Animal overpopulation, and by extension, overcrowding in animal shelters, has always been a problem. But the last two years have been especially challenging.
Tara Czekaj is the 18th Congressional District leader for the Humane Society of the United States. She says that the pandemic has created the perfect storm for pet overpopulation and overcrowding in shelters.
“It’s an issue two years in the making. Homeless animal populations and shelter overcrowding was a concern before COVID – but COVID has exacerbated absolutely everything,” Czekaj says.
Czekaj cites employee retention, lack of volunteers and donations, and an overall shortage of resources as key reasons for the explosion in homeless animal populations.
“Because spay/neuter surgeries were put on hold during Pandemic Part I, rescuers and TNVR (Trap-Neuter-Vaccinate-Return) volunteers saw explosions of litters. Most non-life-saving pet surgeries were put on hold during Pandemic Part I to mitigate the spread of COVID, but also because many veterinary hospitals had to give their PPE and ventilators to human hospitals…some shelters are close to having to hold animals in staff bathrooms.”
Amanda Coats is a TNVR volunteer who has been rescuing dogs and cats for 20 years. She predicted that the lockdown in March 2020 would have disastrous consequences for both communities and animals.
“I warned rescuers in March 2020 to expect an influx of kittens needing to be rescued during the pandemic. The population is completely out of control,” Coats says.
By her own estimate, Coats traps 300 cats per year. But there are probably tens of thousands of homeless cats in the Mon Valley, if not more. “[The number of stray cats] has increased at least 25 percent since the pandemic. Surrenders have increased by 15 percent.” Cats also present unique challenges to rescuers, Coats says.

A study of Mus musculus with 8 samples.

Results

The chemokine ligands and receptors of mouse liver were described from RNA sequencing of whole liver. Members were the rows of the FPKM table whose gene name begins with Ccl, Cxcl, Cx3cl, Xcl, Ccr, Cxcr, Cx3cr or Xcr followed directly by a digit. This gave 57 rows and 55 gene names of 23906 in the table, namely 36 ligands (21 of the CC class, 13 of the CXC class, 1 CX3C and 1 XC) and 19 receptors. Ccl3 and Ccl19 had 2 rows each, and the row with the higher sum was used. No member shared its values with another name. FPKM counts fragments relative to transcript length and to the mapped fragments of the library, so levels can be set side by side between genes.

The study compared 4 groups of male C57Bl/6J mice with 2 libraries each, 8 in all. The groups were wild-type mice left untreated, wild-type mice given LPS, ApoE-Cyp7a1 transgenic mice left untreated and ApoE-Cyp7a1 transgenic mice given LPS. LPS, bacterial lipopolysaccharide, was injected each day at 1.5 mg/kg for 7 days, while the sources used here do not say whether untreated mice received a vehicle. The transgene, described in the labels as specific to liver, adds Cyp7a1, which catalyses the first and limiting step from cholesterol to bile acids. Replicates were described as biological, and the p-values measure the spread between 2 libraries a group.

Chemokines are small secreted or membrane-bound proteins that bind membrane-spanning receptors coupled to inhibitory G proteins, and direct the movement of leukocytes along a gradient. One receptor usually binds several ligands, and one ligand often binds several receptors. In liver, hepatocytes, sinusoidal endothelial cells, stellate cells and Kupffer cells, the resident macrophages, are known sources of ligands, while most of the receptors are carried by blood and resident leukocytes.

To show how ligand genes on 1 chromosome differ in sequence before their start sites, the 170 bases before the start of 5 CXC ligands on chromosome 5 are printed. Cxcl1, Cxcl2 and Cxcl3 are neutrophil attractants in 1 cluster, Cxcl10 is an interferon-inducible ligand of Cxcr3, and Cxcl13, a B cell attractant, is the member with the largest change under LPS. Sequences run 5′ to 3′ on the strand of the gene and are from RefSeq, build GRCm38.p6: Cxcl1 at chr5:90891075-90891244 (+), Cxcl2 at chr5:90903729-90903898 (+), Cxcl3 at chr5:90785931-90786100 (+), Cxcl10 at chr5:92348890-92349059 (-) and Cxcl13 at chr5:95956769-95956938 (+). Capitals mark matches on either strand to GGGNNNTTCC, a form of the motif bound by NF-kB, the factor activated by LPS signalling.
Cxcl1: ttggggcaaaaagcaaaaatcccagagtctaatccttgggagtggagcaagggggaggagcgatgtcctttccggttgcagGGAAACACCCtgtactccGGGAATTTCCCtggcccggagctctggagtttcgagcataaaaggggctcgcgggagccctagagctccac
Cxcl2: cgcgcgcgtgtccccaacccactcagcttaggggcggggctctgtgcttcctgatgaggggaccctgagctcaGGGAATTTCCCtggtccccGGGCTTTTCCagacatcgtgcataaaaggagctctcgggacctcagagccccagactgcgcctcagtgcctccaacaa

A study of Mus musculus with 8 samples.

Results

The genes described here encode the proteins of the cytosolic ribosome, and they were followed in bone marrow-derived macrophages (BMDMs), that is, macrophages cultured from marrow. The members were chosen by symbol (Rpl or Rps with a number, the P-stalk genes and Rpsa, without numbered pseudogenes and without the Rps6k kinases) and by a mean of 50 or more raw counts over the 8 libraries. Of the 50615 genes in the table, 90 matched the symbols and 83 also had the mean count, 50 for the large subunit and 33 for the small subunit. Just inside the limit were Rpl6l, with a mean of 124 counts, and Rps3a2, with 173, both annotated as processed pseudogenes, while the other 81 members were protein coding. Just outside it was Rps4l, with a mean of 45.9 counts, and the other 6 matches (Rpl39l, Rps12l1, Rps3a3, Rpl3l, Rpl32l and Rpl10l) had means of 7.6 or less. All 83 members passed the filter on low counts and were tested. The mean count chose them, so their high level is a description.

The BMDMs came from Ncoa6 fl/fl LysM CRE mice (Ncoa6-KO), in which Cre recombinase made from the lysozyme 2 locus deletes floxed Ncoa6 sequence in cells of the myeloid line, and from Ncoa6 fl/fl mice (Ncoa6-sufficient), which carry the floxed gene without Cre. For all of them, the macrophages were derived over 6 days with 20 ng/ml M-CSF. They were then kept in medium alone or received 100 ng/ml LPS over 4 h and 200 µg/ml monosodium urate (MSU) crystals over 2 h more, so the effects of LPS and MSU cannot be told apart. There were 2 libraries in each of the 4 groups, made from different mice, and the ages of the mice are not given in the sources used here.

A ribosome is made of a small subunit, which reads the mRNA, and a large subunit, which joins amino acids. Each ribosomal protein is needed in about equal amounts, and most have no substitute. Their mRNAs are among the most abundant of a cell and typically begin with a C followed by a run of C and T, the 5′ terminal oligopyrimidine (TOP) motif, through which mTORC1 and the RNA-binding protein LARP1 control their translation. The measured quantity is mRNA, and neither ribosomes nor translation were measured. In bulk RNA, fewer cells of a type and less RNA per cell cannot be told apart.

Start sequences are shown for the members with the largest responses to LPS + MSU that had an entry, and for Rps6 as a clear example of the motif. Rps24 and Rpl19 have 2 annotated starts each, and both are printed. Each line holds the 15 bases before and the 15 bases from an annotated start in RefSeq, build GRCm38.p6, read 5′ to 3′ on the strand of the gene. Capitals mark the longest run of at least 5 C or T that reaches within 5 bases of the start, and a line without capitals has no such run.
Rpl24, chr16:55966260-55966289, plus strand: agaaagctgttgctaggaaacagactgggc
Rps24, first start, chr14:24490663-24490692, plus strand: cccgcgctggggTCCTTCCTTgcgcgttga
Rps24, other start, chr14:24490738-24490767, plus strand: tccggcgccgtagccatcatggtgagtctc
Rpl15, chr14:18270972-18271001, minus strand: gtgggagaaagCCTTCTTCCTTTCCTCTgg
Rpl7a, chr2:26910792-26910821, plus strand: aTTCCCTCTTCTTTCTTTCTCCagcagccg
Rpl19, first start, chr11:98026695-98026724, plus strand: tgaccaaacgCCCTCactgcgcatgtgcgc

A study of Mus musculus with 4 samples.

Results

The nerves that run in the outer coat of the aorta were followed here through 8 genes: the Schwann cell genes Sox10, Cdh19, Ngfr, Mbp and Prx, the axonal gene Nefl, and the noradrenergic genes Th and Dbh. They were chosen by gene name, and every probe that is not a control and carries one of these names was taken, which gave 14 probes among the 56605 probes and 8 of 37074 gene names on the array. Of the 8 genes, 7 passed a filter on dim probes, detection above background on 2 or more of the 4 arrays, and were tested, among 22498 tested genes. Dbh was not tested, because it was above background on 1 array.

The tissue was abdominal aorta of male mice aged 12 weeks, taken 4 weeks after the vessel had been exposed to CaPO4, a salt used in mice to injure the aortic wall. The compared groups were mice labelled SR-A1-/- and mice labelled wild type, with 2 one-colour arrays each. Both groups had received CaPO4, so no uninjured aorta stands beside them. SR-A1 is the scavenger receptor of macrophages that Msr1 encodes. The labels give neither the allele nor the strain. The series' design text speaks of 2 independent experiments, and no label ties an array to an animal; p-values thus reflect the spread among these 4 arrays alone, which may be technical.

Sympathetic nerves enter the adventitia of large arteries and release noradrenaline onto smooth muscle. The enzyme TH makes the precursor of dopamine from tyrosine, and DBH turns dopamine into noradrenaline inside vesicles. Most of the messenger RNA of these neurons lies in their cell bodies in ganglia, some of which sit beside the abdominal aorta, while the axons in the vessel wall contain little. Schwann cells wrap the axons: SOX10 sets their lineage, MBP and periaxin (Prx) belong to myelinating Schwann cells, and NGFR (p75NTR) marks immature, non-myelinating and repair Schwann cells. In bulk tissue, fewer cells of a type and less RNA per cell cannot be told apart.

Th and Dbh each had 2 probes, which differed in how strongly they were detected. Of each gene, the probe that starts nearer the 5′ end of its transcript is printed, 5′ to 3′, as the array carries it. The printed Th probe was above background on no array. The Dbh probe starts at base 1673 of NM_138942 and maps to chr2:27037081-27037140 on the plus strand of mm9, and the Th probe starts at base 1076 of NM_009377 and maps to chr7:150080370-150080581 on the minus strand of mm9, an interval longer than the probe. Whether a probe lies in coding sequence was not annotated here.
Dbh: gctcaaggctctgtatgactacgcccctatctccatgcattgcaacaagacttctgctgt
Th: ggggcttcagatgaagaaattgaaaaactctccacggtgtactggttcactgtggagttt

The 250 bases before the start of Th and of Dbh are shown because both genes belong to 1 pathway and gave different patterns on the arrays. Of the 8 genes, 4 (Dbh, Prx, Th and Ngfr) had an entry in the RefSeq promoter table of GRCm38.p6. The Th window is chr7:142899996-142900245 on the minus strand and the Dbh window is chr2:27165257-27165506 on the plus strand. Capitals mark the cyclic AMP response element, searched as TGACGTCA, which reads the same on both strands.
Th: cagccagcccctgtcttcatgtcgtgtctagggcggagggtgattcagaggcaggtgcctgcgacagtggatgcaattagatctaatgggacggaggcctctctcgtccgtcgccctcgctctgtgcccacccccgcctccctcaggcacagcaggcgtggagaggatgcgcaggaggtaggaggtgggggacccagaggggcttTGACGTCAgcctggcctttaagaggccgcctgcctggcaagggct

“Catching cats is hard…they hide themselves well,” Coats says. “They can have up to four litters a year, and those litters can have anywhere from two to seven kittens. If you don’t fix the female cat, next year you’ll see 20.”
There are numerous health benefits of getting a cat fixed, says Emilie St. Landau, veterinary technician at the White Oak Animal Safe Haven.
“Spaying a female cat significantly decreases the risk of ovarian cancer and ovarian cysts. It also prevents them from going into heat and the behavior changes that come with that. Neutering male cats makes them easier to keep inside, and will stop them from spraying or becoming territorial.”
St. Landau says that cat overpopulation is so prevalent because cats are induced ovulators – meaning they can get pregnant at any time of year.
“Cats can have kittens at any time, where with dogs it can only happen once or twice a year,” St. Landau says. “There are also a lot more regulations for dogs.”
There are signs of progress now that businesses have reopened. This spring, Coats will instruct the staff of the White Oak Animal Safe Haven about community cat care. The re-opening of vet clinics will allow more owners to get their pets spayed or neutered. But challenges remain.
“Vet clinics are backlogged. A lot of people surrendered their pets when they went back to work in person. Abandonment/dumping is on the rise. Cat care isn’t really regulated, not like dog care,” Czekaj says.
The borough of White Oak passed an ordinance in 2021 making it unlawful to feed or keep feral cats if they cause a nuisance to neighbors. Similar legislation has been introduced in Export, Port Vue, Penn Hills and Verona.
“Even if you’re not an animal lover, if we can’t fix this, this will affect you at some point,” Czekaj says. “Community cat colonies will explode. Look at Houston, Texas – there are packs of stray dogs living on the streets.”
So how can the public help to resolve this problem?
“We need fosters, volunteers, and donors. Donate food or money. If you can’t foster, volunteer,” Czekaj says.
Coats agrees. “The only humane solution is TNVR programs. Learn to trap, feed a colony, build shelters, volunteer, foster…participate in anything involving TNVR. And fix your pets!”
To learn more about helping homeless animals, call the Humane Animal Rescue of Pittsburgh at 412-345-7300 or visit them online.
Sarah Turnbull is a freelance writer in Irwin. She can be reached at firstname.lastname@example.org.
Originally published January 31, 2022.